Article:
AUR’s First Year Seminar is a signature, two-semester sequence required of all first year students, irrespective of their choice of major. Communal learning—where all first-years students encounter the same questions, experiences, and texts—and the critical discussions that emerge from small seminars, make AUR’s first year seminar distinctive.

FYS 101 introduces first time in college students to the culture of being in an American university in the heart of Europe.
FYS 102, Explorations in the Liberal Arts: The Meanings of Empire, is intellectually stimulating and personally transformative for students. Team-taught by four of AUR’s distinguished full-time faculty from a variety of disciplines, the course challenges students to engage with the historical and theoretical meanings of imperial power, from the ancient world to the British Empire to the technological imperialism of mainstream and social media. The course features lively lectures from global experts, thought-provoking group experiences, and on-site visits ranging from the Roman forums to Cinecitta studios, prompting students to examine how human experience is expressed, how meaning is made, by what rules we should be governed. The interdisciplinary approach fosters a habit of mind that students will employ throughout their studies at AUR and into life beyond the classroom.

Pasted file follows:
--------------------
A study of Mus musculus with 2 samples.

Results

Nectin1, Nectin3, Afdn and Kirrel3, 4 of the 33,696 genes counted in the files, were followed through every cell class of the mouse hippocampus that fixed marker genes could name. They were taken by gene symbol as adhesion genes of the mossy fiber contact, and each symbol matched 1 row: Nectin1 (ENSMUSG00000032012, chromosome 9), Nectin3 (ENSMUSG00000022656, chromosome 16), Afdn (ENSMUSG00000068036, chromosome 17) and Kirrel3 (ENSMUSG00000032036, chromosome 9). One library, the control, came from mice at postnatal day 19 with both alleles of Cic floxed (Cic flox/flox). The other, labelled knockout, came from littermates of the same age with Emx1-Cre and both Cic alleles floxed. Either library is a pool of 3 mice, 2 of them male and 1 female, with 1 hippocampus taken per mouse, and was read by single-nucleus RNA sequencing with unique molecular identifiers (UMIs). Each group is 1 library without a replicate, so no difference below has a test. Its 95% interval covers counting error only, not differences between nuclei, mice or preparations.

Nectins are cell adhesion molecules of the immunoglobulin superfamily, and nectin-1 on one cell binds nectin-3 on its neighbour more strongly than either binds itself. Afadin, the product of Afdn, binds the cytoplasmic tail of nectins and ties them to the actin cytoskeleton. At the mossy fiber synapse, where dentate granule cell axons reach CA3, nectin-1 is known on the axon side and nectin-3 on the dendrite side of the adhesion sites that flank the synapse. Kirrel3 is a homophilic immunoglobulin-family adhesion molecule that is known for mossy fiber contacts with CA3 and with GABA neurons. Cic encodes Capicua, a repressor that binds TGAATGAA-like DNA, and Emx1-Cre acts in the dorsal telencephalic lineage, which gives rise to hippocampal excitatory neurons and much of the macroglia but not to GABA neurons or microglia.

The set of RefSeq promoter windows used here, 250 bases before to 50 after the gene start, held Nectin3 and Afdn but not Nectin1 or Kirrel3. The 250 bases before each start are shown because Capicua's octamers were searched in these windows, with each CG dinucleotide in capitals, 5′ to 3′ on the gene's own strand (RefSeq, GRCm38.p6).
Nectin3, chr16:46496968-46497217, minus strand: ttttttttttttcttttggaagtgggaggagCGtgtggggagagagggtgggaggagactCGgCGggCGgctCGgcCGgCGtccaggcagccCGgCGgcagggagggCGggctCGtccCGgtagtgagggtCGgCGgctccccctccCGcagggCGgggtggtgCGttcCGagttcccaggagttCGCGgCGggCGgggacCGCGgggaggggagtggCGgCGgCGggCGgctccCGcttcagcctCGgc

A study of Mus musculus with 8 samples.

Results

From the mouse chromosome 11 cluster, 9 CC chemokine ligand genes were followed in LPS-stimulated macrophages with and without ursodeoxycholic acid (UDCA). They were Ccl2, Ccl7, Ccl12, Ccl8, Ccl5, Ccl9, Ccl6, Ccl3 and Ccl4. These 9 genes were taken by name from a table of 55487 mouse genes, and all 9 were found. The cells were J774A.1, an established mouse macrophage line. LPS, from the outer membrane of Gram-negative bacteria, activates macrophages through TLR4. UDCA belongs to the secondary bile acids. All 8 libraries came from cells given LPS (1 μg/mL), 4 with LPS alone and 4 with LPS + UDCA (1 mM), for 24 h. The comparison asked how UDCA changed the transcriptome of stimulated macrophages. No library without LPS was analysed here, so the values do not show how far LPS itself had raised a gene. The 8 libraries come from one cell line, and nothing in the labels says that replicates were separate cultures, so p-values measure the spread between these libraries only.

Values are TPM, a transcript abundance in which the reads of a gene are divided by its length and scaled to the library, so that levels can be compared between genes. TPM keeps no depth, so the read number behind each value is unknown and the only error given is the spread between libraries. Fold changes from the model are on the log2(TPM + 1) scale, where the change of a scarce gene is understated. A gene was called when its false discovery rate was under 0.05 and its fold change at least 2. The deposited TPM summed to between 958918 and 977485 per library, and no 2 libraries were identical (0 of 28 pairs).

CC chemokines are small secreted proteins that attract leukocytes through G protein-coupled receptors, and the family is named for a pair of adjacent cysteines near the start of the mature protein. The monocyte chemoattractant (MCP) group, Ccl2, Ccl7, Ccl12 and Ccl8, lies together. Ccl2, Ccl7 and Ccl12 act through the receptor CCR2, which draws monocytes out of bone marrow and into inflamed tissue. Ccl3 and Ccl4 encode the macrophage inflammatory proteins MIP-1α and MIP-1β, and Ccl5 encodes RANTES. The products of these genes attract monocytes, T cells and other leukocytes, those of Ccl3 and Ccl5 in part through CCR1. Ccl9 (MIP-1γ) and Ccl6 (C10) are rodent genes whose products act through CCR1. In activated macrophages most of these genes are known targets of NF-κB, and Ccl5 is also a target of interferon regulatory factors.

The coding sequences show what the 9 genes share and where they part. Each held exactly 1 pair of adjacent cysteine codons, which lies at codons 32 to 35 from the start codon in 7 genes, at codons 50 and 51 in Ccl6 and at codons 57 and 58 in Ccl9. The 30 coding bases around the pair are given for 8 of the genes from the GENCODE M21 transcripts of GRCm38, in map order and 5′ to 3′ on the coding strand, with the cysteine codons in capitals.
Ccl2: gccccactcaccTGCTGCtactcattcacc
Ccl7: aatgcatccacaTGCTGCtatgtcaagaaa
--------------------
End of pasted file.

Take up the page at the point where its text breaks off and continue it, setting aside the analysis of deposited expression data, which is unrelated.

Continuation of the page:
Completion of the General Education program is a requirement for all bachelor’s degrees, and makes use of courses throughout the AUR curriculum. Consistent with the mission of the University, the program develops important practical skills, addresses social issues of diversity, multiculturalism and ethics and draws on the rich resources of the city of Rome as a learning tool. Reflecting the mission of the institution, it strives to ensure that all students, regardless of major, will share a common dialogue which will prepare them to live and work across cultures.
The goals of The American University of Rome’s General Education program are:

  1. to develop and strengthen basic skills which will prepare students upon graduation for a modern working environment and which will be adaptable to a rapidly evolving economy.
  2. to cultivate an awareness of, and sensitivity to, cultural diversity and its importance in personal and professional decision making.
  3. to achieve a broad knowledge base, drawn from multiple disciplines, typical of an American Liberal Arts Education.
  4. to use Rome as a classroom and as an invaluable learning resource.
  5. to encourage active and responsible citizenship through knowledge of the forces shaping the actions of individuals and societies and through the development of critical thinking.

The General Education program requirements are shared by all majors, though each major may also require particular General Education courses to satisfy major requirements.